Honestly, until we had a child, the issue of getting clean after a day of camping was the furthest thing from my mind. We'd go hiking and get all sweaty, dirty, and dusty - didn't matter. It was nothing a wet-wipe couldn't fix. I've been known to wipe my face, legs and arms down with wet-wipes in the car before going into restaurants post hiking and it always made me clean enough that at least people didn't stare or move their table further away. I know that most modern campgrounds have showers but every time I walk in to a public shower I recoil in horror at the hair on the floor (that isn't mine), the dirt everywhere, and the general filth. Better to just stay dusty until I get back to the city and can use my own dirty shower (at least it's my own hair filling the drain).
Having a child changes things though. Last summer we took a two week vacation down to Washington and camped most of the time. Part of the time was spent camping on the Olympic Peninsula where there are gorgeous beaches to be explored. There's also sand to be played with, eaten, rubbed all over your nose that just happens to be covered in snot, rubbed on your face that's still sticky from lunch - you get the picture. In case you need a visual, look at the photo below.
|Why we had to figure out a bathing system|
We hadn't really thought much about bathing and hygiene until this moment. Wet-wipes weren't going to cut it and we didn't have a bath tub with us. The campground didn't even have showers (at least not that we discovered). Enter our washing basin for dishes to save the day.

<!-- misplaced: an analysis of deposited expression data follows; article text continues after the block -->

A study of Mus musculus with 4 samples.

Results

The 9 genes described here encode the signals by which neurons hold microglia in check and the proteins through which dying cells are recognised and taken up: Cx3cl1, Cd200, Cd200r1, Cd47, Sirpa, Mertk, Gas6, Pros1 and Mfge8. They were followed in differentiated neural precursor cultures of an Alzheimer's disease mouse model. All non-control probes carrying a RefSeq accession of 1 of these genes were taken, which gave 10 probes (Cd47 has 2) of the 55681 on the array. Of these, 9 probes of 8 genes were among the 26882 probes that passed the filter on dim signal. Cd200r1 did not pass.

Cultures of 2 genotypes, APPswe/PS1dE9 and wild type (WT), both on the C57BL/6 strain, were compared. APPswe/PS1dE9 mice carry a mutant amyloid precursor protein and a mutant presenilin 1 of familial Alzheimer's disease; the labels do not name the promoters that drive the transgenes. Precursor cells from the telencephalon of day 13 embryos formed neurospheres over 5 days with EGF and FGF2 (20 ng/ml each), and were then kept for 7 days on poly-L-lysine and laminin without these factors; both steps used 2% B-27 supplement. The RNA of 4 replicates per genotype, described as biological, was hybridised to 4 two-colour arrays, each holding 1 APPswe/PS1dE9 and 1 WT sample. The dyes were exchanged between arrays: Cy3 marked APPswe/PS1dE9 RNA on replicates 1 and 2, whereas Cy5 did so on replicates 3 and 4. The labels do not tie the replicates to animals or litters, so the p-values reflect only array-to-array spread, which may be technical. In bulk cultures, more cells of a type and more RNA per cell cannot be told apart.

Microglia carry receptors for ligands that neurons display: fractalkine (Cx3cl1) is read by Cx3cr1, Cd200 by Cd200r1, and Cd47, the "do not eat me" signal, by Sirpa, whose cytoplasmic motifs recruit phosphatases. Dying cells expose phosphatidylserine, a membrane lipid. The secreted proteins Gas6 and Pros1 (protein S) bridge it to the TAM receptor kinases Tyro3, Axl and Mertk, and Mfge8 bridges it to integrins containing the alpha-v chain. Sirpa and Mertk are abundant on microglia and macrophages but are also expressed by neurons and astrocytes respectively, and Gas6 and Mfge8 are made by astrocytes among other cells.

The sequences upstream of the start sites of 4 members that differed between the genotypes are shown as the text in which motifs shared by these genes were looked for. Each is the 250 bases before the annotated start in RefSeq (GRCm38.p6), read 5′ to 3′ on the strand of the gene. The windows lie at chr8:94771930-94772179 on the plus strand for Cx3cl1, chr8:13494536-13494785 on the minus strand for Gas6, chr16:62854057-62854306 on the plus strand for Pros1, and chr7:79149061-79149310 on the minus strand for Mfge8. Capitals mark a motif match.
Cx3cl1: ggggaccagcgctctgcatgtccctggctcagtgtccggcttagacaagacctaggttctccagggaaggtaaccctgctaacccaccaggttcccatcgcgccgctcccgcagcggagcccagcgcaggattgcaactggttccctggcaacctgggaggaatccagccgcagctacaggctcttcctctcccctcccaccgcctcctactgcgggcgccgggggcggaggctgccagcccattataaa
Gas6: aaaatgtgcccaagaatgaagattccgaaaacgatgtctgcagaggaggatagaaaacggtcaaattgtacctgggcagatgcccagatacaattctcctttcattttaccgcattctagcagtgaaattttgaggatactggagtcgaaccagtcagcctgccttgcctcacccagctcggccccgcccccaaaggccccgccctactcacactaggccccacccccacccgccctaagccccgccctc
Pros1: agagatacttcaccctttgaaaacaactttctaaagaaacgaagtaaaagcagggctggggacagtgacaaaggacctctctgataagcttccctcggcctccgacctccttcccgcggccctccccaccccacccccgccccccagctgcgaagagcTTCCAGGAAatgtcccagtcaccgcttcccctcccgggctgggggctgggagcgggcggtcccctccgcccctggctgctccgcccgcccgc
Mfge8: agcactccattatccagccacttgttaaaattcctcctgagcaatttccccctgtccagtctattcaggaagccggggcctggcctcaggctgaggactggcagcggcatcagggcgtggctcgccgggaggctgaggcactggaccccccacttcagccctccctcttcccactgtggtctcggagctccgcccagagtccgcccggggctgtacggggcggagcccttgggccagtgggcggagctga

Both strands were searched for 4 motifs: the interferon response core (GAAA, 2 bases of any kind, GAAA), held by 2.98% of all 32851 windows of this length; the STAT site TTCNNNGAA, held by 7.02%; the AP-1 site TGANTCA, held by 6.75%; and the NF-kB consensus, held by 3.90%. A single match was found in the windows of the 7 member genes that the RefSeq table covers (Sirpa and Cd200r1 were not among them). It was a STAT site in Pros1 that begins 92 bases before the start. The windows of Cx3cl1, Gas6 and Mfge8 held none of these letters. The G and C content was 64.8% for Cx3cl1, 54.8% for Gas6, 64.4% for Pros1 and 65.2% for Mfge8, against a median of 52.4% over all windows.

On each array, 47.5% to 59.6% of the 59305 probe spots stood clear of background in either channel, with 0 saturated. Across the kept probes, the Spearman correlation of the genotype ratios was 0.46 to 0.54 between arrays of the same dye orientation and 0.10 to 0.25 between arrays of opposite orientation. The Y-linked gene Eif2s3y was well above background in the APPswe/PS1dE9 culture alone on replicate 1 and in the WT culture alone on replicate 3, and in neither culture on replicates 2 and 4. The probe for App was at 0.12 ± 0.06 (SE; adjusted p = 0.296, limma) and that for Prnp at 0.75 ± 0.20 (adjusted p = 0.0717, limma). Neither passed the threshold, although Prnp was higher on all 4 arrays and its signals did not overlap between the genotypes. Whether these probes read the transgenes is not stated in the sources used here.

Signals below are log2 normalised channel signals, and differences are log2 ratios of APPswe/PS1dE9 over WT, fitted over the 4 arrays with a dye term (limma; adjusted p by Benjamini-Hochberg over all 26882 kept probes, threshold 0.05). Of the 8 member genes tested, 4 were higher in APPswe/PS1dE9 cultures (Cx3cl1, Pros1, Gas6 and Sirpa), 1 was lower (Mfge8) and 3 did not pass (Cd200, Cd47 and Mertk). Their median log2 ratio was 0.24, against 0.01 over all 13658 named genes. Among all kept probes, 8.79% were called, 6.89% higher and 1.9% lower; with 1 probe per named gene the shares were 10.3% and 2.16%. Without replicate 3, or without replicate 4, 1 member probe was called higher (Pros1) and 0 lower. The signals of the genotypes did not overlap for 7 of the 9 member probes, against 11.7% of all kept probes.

|We're going to need a larger dish basin this summer|
This summer I think we're going to have to find something a little bigger. I love the large basin our friends used last summer when they were camping at a beach for a week.
|Isn't this precious! (Photo: G. Duncan)|
I think I honestly wrote this whole post just because I wanted to get this photo on my blog. The first time I saw it I laughed my head off for probably ten minutes. These are the kinds of memories you are going to build if you take your kids camping. This is why you don't wait until they're older and it's "easier."
As in all the other parts of this series, I've done my research so that I can present suggestions and ideas from the larger outdoor world.
Jenny from Backcountry with the kids wrote an amazing article for the MEC website called Everything and the Kitchen Sink that teaches us the proper way to do dishes while camping so that we can protect the rivers and lakes. She also talks about portable camp showers and folding dish basins that you can take with you even into the backcountry. Check out her insightful story.
Another great resource on this topic is Lindsey from OutsideMom.com
Lindsey wrote a fabulous story called Camping and the Art of Cleanliness on her blog that you need to check out. She even has a link to a collapsible bucket. It looks a little small to me but I understand you can custom order the size.
That's about all I'm going to say on the issue of bathing in the woods because Jenny and Lindsey pretty much covered it all and I already admitted I really just wanted to use my friend's photo.
Do you have any other suggestions for putting clean kids to bed when camping?